An online campaign to bring Giovanni López's killers to justice has drawn support from stars like Oscar-winning director Guillermo del Toro,
Authorities in the western state of Jalisco have said that López was detained May 4 in a town near the city of Guadalajara for a misdemeanor equivalent to disturbing the peace or resisting arrest.
A video of his detention shows municipal police wrestling him into a patrol truck as residents argued with officers about excessive use of force and rules requiring face masks, a measure designed to slow the spread of the coronavirus. Hours later he was taken from his cell for medical treatment and died.
None of the municipal police in the town of Ixtlahuacán de los Membrillos have been arrested, fired or charged for in the death, which officials have said was the result of beatings.
Jalisco state prosecutor Gerardo Solis said Thursday that the police officers had been placed under investigation.
State Gov. Enrique Alfaro called the López's death “an atrocity” Thursday and promised results from the investigation “within hours.”
But the governor also said the incident was “an act of the municipal authorities”and the state wasn't to blame. “I am also hurt, I am also indignant, I am also enraged that these happen in Mexico,” Alfaro wrote.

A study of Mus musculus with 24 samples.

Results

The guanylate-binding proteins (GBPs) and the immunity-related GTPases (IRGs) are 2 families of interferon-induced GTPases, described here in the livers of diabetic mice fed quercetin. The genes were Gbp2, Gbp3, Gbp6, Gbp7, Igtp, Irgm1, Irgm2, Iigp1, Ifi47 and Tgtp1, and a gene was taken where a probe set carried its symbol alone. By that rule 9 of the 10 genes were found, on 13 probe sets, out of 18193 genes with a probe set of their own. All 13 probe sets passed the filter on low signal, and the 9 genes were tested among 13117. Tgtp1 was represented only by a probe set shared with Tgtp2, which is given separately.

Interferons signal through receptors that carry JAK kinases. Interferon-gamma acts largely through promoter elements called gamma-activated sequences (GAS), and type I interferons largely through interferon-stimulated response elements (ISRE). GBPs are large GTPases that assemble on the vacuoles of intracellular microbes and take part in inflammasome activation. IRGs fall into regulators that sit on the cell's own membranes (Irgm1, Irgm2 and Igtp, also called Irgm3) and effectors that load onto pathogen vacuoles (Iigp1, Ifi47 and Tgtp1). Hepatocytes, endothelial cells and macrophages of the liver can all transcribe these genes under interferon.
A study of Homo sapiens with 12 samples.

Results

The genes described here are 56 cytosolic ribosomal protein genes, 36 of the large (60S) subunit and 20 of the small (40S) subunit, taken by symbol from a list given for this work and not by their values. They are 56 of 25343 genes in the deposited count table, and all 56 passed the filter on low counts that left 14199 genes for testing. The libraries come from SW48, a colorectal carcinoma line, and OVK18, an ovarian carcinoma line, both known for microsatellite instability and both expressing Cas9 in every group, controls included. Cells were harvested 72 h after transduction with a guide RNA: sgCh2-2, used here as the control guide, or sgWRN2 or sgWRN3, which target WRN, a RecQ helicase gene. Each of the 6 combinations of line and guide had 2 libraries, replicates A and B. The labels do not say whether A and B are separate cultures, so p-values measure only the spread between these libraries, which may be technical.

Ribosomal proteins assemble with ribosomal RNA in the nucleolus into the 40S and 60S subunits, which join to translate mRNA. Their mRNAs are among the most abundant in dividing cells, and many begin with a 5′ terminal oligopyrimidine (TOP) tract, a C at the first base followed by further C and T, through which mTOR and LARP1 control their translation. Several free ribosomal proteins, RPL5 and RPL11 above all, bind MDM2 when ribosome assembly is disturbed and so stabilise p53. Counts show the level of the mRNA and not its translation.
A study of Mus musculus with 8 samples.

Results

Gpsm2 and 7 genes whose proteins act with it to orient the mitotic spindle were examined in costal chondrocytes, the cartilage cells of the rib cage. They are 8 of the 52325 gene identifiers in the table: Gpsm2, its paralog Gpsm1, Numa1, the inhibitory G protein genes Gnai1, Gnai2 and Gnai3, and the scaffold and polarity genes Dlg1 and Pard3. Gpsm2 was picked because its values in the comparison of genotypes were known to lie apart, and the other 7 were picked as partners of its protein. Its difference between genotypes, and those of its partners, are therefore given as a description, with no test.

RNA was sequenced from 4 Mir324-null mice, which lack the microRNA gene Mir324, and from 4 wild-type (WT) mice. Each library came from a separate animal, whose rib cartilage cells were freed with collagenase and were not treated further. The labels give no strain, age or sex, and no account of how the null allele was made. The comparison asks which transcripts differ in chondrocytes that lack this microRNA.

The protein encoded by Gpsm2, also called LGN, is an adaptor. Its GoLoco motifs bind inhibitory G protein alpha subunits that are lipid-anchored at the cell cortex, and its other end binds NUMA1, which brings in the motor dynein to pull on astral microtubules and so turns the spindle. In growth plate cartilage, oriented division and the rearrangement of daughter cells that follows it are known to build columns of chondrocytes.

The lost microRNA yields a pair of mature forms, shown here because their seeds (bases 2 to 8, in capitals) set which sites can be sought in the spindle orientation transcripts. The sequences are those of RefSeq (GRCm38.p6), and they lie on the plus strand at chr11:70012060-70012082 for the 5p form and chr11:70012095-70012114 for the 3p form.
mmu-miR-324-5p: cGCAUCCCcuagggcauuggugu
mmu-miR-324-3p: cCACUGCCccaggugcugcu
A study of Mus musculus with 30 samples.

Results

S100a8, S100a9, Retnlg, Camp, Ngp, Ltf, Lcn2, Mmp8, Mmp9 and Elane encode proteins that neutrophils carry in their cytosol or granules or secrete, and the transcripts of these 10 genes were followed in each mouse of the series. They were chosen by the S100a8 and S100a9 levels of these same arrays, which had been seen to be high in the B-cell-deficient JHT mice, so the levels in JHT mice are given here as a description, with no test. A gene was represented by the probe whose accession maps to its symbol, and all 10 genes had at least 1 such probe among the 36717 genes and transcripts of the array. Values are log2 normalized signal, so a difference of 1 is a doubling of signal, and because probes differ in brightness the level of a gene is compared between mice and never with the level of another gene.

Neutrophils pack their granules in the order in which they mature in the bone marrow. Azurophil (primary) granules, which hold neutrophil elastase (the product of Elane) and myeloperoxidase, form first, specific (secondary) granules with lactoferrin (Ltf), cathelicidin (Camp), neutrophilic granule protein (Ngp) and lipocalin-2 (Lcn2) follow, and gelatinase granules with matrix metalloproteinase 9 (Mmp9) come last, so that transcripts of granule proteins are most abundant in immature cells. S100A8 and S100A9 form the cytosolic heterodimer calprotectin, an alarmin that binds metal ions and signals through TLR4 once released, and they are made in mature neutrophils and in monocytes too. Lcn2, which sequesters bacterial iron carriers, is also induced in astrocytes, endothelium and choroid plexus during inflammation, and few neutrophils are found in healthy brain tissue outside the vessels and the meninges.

But the federal Interior Department said in a statement that the tough anti-pandemic measures implemented by Alfaro in Jalisco, including detaining people for violating curfews or not wearing masks, contributed to the problem.
“This event came in the context of the restrictive measures implemented by the governor of Jalisco to fight the pandemic, which included the use of law enforcement forces, and which led to abuses by authorities,” the department said.
Assistant Interior Secretary Alejandro Encinas wrote that he “condemns acts in which law enforcement has been used to enforce preventative measures against the pandemic, or the arbitrary arrest of people, particularly the most vulnerable among us.”
There have been disputes before about pandemic prevention measures in Mexico, where some towns put up roadblocks or checkpoints to seal themselves off from the outside world, required visitors to isolate or enforced curfews.
Jesús Peña, of the office of the U.N. High Commissioner on Human Rights in Mexico, said that “we encourage the authorities of Jalisco state to send a clear and unequivocal message that human rights violations will not be tolerated in the enforcement of emergency measures during the COVID-19 pandemic.”
Police brutality has a long history in Mexico that predates the coronavirus pandemic. Police and military personnel have very seldom been punished for excessive use of force or extrajudicial killings.